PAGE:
Whether her global travels or her zeal for cuisine that’s anything but pedestrian are the catalyst, Emily Allred has embarked on an unusual culinary journey.
Allred and her husband Adam, both 28, began exploring ethnic restaurants and so far have dined at 100 in two and half years—all along Buford Highway.
Allred, who blogs about her culinary adventures on her spatialdrift.com website, said she and her husband have stayed away from chain restaurants and focused on Mexican, Korean, Indian, Chinese, Vietnamese and other eateries along the well-known strip. Most are mom and pop operations, and often communication can be challenging when owners and staff have limited English skills. Many of the restaurants have an exterior that is less than inviting but offer great food, she said.
“There’s a lot of authentic great food here that just kinda has a lousy exterior,” said Allred.
Allred said their 130-week journey began after she was seeking a creative outlet and one with which she could work on her photography skills. The Allreds rate their experiences on a one-to-five scale, giving details of each encounter. She said they focus on the food with less said about the décor or service, noting that various cultures put different emphasis on service.
“There are always cultural differences,” she said.
Allred has traveled to Tokyo with her husband, who works in information technology, on one of his business trips as well as to Hong Kong, Amsterdam and Grenada.
Allred, a graphic designer who lives in Toco Hills, said they usually head to Buford Highway once a week and started the endeavor along the southern end and have steadily moved north. Along the way they’ve had some great meals such as a Korean barbecue at Han II Kwan, ceviche at La Pastorcita, banh hoi at Nam Phuong and Shanghai dumpling at Chef Liu.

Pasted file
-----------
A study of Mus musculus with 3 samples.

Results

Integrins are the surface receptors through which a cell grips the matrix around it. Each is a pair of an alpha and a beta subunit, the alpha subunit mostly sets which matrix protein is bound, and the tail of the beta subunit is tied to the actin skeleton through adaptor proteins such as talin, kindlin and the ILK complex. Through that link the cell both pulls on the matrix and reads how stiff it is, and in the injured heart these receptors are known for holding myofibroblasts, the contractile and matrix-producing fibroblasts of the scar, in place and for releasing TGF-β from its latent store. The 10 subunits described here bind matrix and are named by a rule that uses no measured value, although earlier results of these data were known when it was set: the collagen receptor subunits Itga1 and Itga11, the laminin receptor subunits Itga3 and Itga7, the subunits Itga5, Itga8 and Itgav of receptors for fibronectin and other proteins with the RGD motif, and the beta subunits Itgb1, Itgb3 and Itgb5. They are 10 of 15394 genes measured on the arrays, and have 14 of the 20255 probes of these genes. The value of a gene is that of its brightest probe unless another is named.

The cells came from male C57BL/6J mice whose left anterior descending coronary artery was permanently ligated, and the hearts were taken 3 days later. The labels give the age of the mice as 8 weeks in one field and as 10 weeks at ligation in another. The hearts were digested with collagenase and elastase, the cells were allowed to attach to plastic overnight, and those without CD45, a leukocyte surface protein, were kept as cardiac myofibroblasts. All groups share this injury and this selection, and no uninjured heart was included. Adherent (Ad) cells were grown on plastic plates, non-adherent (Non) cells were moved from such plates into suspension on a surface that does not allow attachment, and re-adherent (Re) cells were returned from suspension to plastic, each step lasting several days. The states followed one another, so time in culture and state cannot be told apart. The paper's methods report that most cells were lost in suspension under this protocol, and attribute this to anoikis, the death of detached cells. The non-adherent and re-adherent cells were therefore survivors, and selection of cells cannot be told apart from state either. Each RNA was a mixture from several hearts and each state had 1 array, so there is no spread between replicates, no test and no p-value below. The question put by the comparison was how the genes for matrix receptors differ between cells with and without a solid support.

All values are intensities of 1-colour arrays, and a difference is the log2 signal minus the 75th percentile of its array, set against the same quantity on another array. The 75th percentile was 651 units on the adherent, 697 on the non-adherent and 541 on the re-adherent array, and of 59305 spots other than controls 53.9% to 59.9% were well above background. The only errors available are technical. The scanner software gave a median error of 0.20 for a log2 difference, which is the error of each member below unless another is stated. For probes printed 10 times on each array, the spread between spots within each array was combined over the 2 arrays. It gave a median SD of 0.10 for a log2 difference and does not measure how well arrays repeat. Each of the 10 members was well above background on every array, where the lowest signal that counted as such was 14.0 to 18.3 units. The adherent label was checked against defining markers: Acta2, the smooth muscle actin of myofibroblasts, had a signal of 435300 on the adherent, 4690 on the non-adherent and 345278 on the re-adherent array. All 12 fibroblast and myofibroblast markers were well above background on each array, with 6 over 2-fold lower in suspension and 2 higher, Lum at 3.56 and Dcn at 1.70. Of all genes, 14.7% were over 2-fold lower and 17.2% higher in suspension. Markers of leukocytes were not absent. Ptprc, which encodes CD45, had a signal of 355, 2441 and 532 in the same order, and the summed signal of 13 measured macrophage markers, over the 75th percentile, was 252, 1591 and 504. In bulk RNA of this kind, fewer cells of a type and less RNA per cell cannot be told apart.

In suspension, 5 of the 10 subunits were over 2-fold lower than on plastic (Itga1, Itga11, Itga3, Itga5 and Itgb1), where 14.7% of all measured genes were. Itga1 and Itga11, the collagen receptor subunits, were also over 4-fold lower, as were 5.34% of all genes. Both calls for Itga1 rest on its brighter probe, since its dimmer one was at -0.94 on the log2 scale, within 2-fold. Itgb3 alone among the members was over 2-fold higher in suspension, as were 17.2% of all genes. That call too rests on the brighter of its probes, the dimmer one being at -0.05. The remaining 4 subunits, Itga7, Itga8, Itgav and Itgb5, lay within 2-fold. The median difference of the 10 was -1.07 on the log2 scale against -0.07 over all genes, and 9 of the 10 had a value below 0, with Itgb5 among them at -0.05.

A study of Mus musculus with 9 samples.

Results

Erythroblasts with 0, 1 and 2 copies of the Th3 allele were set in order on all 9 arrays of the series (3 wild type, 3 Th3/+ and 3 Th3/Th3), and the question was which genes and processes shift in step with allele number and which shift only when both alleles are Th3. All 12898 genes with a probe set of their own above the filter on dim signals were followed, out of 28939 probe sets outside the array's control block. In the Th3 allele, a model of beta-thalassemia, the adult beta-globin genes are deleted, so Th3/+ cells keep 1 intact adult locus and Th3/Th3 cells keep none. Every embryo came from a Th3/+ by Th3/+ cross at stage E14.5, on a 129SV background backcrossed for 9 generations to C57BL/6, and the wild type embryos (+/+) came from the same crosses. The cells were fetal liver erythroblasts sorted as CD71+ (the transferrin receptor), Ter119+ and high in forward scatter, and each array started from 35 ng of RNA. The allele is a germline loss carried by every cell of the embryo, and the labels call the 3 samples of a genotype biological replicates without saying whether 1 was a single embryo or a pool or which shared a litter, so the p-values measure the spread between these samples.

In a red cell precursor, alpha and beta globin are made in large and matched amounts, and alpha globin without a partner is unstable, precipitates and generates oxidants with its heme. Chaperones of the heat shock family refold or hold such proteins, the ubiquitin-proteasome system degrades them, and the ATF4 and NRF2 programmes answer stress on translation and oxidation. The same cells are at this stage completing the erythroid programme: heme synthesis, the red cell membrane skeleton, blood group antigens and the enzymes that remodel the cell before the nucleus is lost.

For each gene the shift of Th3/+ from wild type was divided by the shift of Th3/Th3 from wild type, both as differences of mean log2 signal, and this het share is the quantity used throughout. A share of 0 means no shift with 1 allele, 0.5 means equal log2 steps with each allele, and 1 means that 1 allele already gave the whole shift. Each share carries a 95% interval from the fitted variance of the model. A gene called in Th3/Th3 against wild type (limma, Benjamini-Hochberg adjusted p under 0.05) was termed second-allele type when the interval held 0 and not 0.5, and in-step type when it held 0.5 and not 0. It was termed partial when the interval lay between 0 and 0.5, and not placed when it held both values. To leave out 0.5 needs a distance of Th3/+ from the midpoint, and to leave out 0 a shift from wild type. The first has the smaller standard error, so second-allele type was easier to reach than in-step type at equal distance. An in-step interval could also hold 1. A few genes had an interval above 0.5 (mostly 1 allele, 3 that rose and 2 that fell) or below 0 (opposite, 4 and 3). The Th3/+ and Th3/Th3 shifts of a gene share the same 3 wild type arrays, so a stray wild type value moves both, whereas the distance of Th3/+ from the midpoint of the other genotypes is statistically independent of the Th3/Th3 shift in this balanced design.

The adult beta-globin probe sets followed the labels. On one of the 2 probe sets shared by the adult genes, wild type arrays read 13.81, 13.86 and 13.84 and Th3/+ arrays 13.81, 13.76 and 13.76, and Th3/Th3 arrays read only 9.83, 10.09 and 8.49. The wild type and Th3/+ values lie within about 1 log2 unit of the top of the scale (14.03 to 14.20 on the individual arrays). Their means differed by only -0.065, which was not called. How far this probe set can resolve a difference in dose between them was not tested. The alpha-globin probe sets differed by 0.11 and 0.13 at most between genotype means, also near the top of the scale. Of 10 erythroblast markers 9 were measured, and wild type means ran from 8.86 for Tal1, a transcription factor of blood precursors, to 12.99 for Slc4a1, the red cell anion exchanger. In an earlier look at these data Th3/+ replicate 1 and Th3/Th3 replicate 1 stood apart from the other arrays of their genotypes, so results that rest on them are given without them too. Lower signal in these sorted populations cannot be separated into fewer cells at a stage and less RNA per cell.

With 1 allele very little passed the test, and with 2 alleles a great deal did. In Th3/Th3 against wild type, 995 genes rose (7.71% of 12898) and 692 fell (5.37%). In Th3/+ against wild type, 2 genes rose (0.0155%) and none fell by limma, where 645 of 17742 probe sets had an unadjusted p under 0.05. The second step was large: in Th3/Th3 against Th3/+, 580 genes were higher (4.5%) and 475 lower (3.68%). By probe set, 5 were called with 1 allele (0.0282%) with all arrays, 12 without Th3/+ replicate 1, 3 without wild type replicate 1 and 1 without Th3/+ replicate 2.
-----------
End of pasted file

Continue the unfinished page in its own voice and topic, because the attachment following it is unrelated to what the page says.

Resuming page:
Allred said her adventurous spirit has led her to try many new dishes, many of which she isn’t sure of all the ingredients. Asked what was the worst dish she’s eaten during her Buford Highway dining experience, Allred immediately said tripe soup.
“It still smells like what it is,” Allred said of the soup made from an animal’s stomach.
She said she doesn’t research a restaurant’s health inspection report until after she’s dined there and so far hasn’t gotten food poisoning. Although she admits they both have had rumbling stomachs after a few meals.
To mark the 100-restaurant review milestone, Allred has compiled a list on her blog of nine of their favorite spots and seven others they recommend on Buford Highway.
She encourages locals to be more adventurous when dining out. “It is so easy for us to stick to what we are used to,” Allred said.
Asked for advice for those interested in exploring ethnic cuisine but who have reservations, Allred said, “Keep an open mind and try not to have any expectations. That way you can’t be disappointed but pleasantly surprised.”